Bill Requiring Absentee Ballots to be Recorded in Precincts Where Voters Live Moves Forward
As more and more voters move toward absentee voting, important data about the geography of elections is not being collected.
Looking over a list of precincts, Republican state Senator David Sutterlein of Roanoke can make determinations about which neighborhoods are giving him strong support and which neighborhoods he might want to pay a little bit more attention to.
"If something is happening in one part of the county, and we're wondering why our votes are falling off, you go there and you try to find out, 'What are you not being heard on,'" he explained.
But the movement toward absentee voting is undercutting the ability of elected officials and journalists to examine the geography of elections. When you cast an absentee ballot, the data is usually not recorded in the precinct where you live. It's recorded in an at-large precinct, lumping your vote in with all the other absentee votes in the county or the city. That's why Sutterlein introduced a bill requiring all those absentee votes are recorded in the precincts where the voters live.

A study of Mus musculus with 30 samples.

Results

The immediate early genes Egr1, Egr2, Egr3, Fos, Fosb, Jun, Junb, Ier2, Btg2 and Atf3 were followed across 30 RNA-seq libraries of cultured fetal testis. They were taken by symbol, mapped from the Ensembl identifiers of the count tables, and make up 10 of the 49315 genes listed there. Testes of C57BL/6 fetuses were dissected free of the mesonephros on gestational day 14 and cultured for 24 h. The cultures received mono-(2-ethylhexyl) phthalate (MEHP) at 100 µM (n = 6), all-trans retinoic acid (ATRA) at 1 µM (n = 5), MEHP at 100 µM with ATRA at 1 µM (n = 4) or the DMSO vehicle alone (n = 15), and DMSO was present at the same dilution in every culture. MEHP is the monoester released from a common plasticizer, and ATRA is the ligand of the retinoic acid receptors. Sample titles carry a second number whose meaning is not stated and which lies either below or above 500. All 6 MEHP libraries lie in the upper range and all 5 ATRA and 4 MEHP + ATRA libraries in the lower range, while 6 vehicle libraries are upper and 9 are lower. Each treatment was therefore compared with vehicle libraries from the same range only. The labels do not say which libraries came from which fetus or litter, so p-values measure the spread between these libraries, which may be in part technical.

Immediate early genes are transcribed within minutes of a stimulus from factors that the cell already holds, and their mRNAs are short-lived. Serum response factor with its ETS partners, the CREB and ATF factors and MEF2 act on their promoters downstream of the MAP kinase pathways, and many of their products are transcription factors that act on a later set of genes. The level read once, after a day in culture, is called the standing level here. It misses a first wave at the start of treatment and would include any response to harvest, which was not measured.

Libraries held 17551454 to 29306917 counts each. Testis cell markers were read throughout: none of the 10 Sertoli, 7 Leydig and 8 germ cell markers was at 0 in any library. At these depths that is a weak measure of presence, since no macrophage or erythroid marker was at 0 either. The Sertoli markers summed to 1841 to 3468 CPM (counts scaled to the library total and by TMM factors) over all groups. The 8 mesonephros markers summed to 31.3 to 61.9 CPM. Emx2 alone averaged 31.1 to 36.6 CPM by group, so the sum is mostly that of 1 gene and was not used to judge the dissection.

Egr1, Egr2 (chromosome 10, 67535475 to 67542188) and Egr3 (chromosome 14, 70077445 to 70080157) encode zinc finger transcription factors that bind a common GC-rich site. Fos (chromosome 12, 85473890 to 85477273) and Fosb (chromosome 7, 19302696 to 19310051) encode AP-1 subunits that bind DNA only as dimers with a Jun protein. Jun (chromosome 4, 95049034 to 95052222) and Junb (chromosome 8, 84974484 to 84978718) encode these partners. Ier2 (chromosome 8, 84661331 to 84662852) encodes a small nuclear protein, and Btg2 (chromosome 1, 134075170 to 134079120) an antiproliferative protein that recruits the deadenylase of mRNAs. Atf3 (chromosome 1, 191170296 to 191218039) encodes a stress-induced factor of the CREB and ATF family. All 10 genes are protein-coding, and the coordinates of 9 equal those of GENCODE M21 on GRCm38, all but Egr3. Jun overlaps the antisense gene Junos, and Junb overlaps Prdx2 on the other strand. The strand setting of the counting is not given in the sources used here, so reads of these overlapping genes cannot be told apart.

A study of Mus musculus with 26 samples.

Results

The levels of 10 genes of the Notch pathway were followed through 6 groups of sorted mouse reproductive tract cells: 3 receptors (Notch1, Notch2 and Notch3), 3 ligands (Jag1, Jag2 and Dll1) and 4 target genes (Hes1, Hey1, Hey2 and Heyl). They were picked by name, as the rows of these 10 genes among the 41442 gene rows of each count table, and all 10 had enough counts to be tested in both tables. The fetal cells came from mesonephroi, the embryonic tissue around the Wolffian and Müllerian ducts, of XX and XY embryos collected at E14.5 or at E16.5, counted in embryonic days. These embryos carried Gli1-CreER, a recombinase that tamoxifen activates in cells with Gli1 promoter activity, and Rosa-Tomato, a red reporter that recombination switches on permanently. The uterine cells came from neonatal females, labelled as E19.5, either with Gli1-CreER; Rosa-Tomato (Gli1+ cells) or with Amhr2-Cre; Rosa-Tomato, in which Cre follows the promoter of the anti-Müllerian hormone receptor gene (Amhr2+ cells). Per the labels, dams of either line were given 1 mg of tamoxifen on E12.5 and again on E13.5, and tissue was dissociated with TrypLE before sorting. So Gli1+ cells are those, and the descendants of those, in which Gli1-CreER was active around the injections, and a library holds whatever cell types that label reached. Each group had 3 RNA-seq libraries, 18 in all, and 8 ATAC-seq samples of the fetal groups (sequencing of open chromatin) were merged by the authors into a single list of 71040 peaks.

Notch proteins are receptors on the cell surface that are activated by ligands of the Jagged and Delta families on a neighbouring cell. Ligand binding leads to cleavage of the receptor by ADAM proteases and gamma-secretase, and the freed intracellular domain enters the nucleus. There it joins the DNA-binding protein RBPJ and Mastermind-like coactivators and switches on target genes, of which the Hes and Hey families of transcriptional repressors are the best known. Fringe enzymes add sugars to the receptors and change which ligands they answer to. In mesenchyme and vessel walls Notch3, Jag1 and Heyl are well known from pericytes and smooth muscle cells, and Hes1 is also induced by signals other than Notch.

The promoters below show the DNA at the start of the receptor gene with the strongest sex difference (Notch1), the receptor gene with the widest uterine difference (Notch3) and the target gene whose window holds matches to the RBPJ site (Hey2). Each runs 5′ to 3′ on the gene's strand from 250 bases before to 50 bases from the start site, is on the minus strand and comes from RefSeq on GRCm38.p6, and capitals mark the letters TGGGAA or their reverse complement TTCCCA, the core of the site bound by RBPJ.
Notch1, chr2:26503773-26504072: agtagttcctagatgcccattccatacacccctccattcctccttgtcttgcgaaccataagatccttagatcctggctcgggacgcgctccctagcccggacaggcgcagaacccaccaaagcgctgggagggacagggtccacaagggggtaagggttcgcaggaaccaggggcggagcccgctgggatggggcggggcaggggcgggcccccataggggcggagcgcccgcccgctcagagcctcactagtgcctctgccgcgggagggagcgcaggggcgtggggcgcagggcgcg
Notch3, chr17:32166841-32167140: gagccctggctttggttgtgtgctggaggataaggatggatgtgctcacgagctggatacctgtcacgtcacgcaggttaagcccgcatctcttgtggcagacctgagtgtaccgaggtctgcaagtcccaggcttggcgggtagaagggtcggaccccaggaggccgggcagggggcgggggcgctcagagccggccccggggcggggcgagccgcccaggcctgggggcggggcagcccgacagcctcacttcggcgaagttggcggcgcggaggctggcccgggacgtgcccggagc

Fairfax County legislative director James Heo said that might pose a logistical challenge, prompting Democratic state Senator Creigh Deeds to ask:
"If Albemarle County can do it, why can't Fairfax County do it," Deeds asked.
"It's simply about the size of the county and the number of precincts and the number of split precincts that exist in Fairfax County," Heo responded.
Because election officials don't know how many voters will request an absentee ballot, he said, they would have to overprint ballots to meet demand, which creates a huge problem in a huge county like Fairfax. A Senate panel approved the bill, sending it to the Senate floor.